Monday, November 3, 2008

J.B. Van Hollen Decides Not To Appeal Tossed Lawsuit, Happy with Voter Faud Scare Effect

Since election day is here, guess what the Wisconsin AG did today? He dropped his threat of an appeal regarding voter registration that was tossed a few days ago. Surprised? Not really, when you consider the attention he drew to the mythical voter fraud threat to our democracy, and the possible effect of discouraging a few citizens from voting. The Wisconsin State Journal explains:

Attorney General J.B. Van Hollen won't appeal a decision dismissing his voter registration lawsuit before Election Day. Justice Department officials said that day they planned to appeal, but spokesman Bill Cosh said Monday the agency realizes there's no chance of relief before the election.

According to John Nichols, wimp meister writer for the Nation and the Capital Times online:

After claiming for weeks that there was nothing partisan about his ambitious election season regimen of suing the Government Accountability Board and dispatching attorneys and special agents to polling places where high Democratic turnouts might reasonably be expected, Attorney General J.B. Van Hollen comes out of the closet Tuesday night.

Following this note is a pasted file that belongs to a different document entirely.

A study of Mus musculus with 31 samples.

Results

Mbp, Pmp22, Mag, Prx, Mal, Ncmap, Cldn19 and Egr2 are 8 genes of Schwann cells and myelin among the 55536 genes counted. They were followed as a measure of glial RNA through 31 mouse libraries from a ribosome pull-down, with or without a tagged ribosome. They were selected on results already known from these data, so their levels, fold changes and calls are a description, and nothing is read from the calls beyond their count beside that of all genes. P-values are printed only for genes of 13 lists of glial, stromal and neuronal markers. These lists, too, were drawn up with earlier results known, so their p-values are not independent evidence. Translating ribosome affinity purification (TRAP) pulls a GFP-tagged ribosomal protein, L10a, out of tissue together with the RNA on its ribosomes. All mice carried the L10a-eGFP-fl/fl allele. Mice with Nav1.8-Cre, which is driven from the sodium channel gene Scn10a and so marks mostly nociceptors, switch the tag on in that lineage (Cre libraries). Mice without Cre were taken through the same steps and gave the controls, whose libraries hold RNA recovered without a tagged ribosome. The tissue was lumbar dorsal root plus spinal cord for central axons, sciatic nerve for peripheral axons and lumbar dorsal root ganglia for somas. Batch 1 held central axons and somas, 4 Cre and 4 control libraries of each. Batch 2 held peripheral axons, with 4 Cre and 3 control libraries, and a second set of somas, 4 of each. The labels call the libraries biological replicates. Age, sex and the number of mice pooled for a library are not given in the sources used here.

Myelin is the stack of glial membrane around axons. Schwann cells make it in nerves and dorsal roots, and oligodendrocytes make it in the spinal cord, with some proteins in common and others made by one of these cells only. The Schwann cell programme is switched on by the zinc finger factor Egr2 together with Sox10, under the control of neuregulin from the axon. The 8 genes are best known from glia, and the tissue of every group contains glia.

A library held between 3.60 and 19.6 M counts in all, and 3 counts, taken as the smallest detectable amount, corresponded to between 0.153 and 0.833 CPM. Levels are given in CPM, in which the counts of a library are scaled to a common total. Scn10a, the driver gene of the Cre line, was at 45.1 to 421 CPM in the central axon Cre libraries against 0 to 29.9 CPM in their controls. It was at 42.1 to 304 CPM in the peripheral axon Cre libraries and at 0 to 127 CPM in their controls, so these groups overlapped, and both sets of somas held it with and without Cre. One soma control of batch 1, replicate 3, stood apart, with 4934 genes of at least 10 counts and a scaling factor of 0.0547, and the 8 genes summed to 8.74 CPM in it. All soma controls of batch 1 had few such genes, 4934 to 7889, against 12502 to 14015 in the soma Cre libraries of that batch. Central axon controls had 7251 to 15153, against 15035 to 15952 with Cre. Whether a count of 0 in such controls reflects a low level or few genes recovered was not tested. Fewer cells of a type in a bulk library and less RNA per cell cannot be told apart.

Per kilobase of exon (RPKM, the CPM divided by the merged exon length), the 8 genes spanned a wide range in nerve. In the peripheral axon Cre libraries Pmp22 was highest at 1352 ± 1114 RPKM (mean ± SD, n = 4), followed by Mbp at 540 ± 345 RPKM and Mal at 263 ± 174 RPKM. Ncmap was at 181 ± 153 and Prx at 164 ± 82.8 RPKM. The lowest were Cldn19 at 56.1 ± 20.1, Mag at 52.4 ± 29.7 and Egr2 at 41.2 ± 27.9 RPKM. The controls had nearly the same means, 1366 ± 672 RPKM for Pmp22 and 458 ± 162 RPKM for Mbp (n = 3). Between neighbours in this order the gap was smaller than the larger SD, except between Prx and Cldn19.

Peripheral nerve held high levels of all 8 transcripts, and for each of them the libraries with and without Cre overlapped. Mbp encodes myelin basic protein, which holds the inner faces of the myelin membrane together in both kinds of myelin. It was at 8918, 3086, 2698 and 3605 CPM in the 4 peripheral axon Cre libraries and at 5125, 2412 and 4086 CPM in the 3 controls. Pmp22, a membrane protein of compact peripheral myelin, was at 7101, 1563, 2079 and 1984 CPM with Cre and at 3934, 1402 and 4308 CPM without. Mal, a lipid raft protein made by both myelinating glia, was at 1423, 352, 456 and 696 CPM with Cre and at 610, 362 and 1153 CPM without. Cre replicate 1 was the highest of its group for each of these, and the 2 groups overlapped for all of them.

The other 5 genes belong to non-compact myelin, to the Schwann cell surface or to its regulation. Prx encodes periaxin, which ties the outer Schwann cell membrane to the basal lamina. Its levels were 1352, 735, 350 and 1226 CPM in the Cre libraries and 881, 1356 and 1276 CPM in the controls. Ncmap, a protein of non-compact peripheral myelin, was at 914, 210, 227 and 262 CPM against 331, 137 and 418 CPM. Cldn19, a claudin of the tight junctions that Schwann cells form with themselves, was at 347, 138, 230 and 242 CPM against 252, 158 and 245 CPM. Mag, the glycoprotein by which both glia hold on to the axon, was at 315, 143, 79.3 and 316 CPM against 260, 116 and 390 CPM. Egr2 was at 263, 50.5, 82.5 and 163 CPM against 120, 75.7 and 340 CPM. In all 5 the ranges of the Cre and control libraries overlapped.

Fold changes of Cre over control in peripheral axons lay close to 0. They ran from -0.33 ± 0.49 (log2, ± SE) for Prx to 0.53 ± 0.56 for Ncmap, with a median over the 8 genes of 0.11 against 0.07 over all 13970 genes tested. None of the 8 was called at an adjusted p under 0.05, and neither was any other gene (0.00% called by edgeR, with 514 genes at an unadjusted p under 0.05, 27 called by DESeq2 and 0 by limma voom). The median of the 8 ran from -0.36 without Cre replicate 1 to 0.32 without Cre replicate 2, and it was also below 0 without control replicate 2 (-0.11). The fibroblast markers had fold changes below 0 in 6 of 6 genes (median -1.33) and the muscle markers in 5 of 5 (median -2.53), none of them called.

He's co-hosting the "Wisconsin GOP Election Night Party" -- where supporters of John McCain and Sarah Palin will toast their successes or drown their sorrows -- at a Waukesha hotel. Van Hollen, a McCain campaign co-chair, will be joined by other non-partisan good government activists like Republican congressmen Paul Ryan and Jim Sensenbrenner.

Not very, says top McCain aide Ronald Michaelson, the former executive director of the Illinois Board of Elections who serves as a key member of the McCain-Palin campaign's "Honest and Open Election Committee," was asked by ProPublica reporter Chisun Lee whether he could name a single instance in which fake voter registrations lead to phony votes. "Do we have a documented instance of voting fraud that resulted from a phony registration form?" asked Michaelson rhetorically. "No, I can't cite one chapter and verse."

He was also asked whether Republican campaigners -- and, presumably, officials such as Van Hollen -- have gone too far in stirring up fears about voter fraud. "Well, it doesn't help," admitted Michaelson. "It has captured the attention of a lot
of people. Maybe it's because there's nothing else to talk about."